Dec 28, 2010; Toronto, ON, Canada; Toronto Maple Leafs general manager Brian Burke (left) and senior vice-president of hockey operations David Nonis (right) look on from the rafters against the Carolina Hurricanes at the Air Canada Centre. The Hurricanes beat the Maple Leafs 4-3. Mandatory Credit: Tom Szczerbowski-US PRESSWIRE

Man On A Wire

The next three weeks will help to solidify the image that will be the 2012-2013 edition of the Toronto Maple Leafs.  The hope is that they resemble the 2011-2012 Ottawa Senators, the fear is that they may look more like the 2011-2012 Toronto Maple Leafs.  The General Manager of the club in 2004 was John Ferguson Jr, the last time the Maple Leafs played a meaningful spring game.  Mats Sundin was the captain, Pat Quinn the coach.  The Buffalo Sabres were bankrupt, as were the Ottawa Senators.  There were four less teams with their name on the Stanley Cup (Tampa Bay, Carolina, Anaheim, Los Angeles) and the New York Rangers had the highest payroll in the NHL followed by the Leafs.  Since that time we have seen Ferguson replaced with Fletcher on an interim basis, followed by the hiring of Burke.

This last four years under Brian Burke have been interesting.  It was has truly been an exercise in “be careful what you wish for”, as he has been exactly the opposite of what most fans in Toronto had expected.  He was loud and bombastic, but his teams were always good.  The Canucks had only missed the playoffs once under his watch.  The Ducks never missed, and won a Stanley Cup making him the King of Anaheim.  Since arriving in Toronto, he has been less Punch Imlach first edition, and more Harold Ballard late edition.

With his first draft he boldly declared that he was going to move heaven and earth to select John Tavares, the projected top pick in the 2009 draft.  He fell flat on his face with all efforts to move up and selected Nazem Kadri, a very talented young man that has turned into one of largest projects in the early round of that draft.  This followed the incident that may have defined his tenure in Toronto, which he claimed he had a trade to announce with the Boston Bruins that would send Phil Kessel and Boston’s first round selection to Toronto for Tomas Kaberle.  Regrettably, he misunderstood the trade that he orchestrated and was supposed to send the number seven pick (ultimately Nazem Kadri) back to the Bruins.  This was then followed by a calculated move that was the first strikeout as manager, the actual Kessel trade, which sent what ended up being the #2 and #32 picks in the 2010 draft, and the #10 pick in the 2011 draft.

In his defense, Kessel has been every bit as good as one could hope since arriving, even with a group of castoffs around him many nights.  The free agent signings are well documented, I can’t recall a single one that started or ended on a good note.  His trading ability did improve bringing in Malcontent Dion Phaneuf for what most would consider non critical parts.  Same goes for Joffrey Lupul and Justin Bieber fan Jake Gardiner for Francios Beuchemin, a player that did not look to have a long future in the city.  His allegience to former head coach Ron Wilson was both admirable and maddening, as is the approach of trying to play “run and gun” hockey without the proper tools in place to make it successful.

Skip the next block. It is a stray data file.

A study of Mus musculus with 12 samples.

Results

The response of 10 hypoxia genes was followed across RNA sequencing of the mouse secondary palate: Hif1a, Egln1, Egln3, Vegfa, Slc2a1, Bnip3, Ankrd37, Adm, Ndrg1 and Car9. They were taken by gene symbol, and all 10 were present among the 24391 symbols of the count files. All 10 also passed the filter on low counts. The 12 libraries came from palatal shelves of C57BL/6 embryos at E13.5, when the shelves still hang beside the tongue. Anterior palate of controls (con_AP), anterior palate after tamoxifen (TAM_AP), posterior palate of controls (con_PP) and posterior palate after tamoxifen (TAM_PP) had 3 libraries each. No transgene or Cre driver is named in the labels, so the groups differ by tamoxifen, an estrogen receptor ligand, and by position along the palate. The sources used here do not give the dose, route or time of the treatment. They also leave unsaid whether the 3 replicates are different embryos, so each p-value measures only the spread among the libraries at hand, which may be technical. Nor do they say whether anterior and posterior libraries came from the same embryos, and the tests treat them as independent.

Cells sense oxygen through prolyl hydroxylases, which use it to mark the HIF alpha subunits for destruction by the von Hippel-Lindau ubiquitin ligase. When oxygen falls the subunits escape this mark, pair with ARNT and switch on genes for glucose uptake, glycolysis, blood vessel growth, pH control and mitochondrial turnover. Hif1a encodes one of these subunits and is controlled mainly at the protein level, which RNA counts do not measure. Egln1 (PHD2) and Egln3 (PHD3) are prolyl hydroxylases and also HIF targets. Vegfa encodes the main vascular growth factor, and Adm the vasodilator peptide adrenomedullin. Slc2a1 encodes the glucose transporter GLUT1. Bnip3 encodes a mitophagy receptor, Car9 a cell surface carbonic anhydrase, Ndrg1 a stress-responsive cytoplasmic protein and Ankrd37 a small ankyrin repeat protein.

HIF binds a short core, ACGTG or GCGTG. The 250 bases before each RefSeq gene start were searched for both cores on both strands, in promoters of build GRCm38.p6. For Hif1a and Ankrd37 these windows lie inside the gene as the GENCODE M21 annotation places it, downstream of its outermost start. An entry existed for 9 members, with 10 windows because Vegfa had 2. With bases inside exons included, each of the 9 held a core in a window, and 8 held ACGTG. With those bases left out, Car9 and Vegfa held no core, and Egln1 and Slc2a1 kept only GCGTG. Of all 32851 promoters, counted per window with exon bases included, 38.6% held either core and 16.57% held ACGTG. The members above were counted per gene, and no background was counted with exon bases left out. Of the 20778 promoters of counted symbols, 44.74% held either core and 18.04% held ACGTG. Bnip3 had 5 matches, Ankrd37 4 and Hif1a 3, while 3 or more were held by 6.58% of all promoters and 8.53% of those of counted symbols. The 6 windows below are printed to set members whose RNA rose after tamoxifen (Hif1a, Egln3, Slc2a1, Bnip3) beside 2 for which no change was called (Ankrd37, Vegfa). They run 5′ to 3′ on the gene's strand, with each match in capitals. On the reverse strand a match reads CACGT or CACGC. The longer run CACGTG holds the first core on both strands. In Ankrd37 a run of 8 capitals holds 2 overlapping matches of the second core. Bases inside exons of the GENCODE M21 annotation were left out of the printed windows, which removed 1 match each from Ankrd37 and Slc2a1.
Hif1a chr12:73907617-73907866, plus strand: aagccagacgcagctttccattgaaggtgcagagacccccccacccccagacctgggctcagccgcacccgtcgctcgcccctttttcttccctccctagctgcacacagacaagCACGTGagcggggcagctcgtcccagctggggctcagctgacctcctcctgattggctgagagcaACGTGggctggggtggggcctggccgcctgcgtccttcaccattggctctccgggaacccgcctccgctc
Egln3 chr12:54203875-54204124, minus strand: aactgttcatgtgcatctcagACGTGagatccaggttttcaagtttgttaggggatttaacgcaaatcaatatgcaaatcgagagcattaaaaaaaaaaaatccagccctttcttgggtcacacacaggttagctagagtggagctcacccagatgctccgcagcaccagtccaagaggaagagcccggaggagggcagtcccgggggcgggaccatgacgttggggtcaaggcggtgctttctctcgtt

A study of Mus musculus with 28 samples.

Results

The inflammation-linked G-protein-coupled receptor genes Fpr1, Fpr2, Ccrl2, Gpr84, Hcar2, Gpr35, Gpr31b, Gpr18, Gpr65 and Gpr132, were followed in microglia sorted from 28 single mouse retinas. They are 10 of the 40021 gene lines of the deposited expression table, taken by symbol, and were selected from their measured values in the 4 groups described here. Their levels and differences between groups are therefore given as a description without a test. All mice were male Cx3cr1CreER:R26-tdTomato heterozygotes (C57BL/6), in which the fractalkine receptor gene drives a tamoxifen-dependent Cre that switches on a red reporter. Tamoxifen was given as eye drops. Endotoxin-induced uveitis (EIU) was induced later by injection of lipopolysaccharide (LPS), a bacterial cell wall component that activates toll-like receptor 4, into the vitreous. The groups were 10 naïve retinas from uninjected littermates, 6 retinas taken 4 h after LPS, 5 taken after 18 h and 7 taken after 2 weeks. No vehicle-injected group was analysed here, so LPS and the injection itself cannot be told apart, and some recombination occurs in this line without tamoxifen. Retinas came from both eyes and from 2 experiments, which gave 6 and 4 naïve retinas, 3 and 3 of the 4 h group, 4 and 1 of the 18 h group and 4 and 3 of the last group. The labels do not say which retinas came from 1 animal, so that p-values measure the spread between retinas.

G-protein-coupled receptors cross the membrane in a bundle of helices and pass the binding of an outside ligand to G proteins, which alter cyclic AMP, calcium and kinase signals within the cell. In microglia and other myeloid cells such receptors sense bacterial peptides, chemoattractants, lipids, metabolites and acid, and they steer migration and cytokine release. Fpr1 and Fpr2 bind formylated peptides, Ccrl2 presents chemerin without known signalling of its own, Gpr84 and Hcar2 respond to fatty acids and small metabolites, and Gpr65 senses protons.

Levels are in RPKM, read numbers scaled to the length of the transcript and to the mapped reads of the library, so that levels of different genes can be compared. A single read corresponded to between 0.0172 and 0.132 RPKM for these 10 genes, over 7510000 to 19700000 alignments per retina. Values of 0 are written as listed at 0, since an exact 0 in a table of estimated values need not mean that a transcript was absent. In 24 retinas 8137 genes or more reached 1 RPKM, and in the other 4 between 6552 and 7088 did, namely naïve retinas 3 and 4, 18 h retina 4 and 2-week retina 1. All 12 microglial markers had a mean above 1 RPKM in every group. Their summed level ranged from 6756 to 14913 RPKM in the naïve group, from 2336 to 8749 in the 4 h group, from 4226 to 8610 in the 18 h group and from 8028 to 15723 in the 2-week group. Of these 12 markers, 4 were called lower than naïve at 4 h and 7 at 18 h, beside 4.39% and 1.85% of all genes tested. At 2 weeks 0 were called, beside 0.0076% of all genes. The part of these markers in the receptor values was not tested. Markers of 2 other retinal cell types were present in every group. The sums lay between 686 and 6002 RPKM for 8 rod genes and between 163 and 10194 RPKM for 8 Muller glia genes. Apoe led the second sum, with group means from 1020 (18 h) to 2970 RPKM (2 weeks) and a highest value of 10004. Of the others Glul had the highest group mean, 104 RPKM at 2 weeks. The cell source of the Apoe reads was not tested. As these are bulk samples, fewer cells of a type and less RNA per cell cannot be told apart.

The one aspect of Burke management that comes as the largest surprise is the lack of proper research and attention given to the goaltending.  The Dan Cloutier era in Vancouver may be the one thing that defined his legacy there, and the idea that he would continue to twist in the wind in Toronto while going through seven goalies over four years really is puzzling.  This is not to entirely blame him, Vesa Toskala was inherited, but it was Burke that gave him more than a ringing endorsement as the starter.  Same goes for Jonas Gustavsson, who I still believe will be a quality NHL goaltender under the right circumstances.  Letting J.S. Giguere walk last year to leave two players that had not played a full season combined in net was worse than unacceptable.  To speak of doing the same next season is borderline insanity.  If his philosophy on coaches, meaning that young and inexperienced in this city just does not work, why not the same with his most important position?

The next two weeks will shape what next year looks like, and the draft picks will more than likely have nothing to do with it.  The one positive in his tenure has been his hesitance to rush younger players into the NHL roster.  The next group of draft picks are almost certain to spend time back at the junior level this year, and that is a good thing.  There may be three or four players from the Marlies roster worthy of promotion after the Calder Cup run.

The Bigger focus Burke must have this year is on improving the hockey club.  His activities in the last two years run more in line with what a team president would be doing, and maybe the best thing for all involved is if he was moved into that position.  Dave Nonis may have a better sense of the hockey operation at this time, and without some of the philosophical disadvantages that Burke has placed on himself.  I can’t be the only one feeling a little frustrated that based on his unwillingness to sign a long term contract with a player, many of the best players in free agency have simply gone elsewhere.  It get’s a little old watching each July as players like Colby Armstrong and Tim Connolly, guys that are little past there best used by date are the ones in Toronto after watching the top of the free agent class go to Philadelphia and New York.  What is the sense of claiming an advantage with the amount of money MLSE has if you never intend to use it?

No matter what happens this summer, the results had better improve.  If they don’t, Burke may not have to worry about long term contracts in Toronto any longer.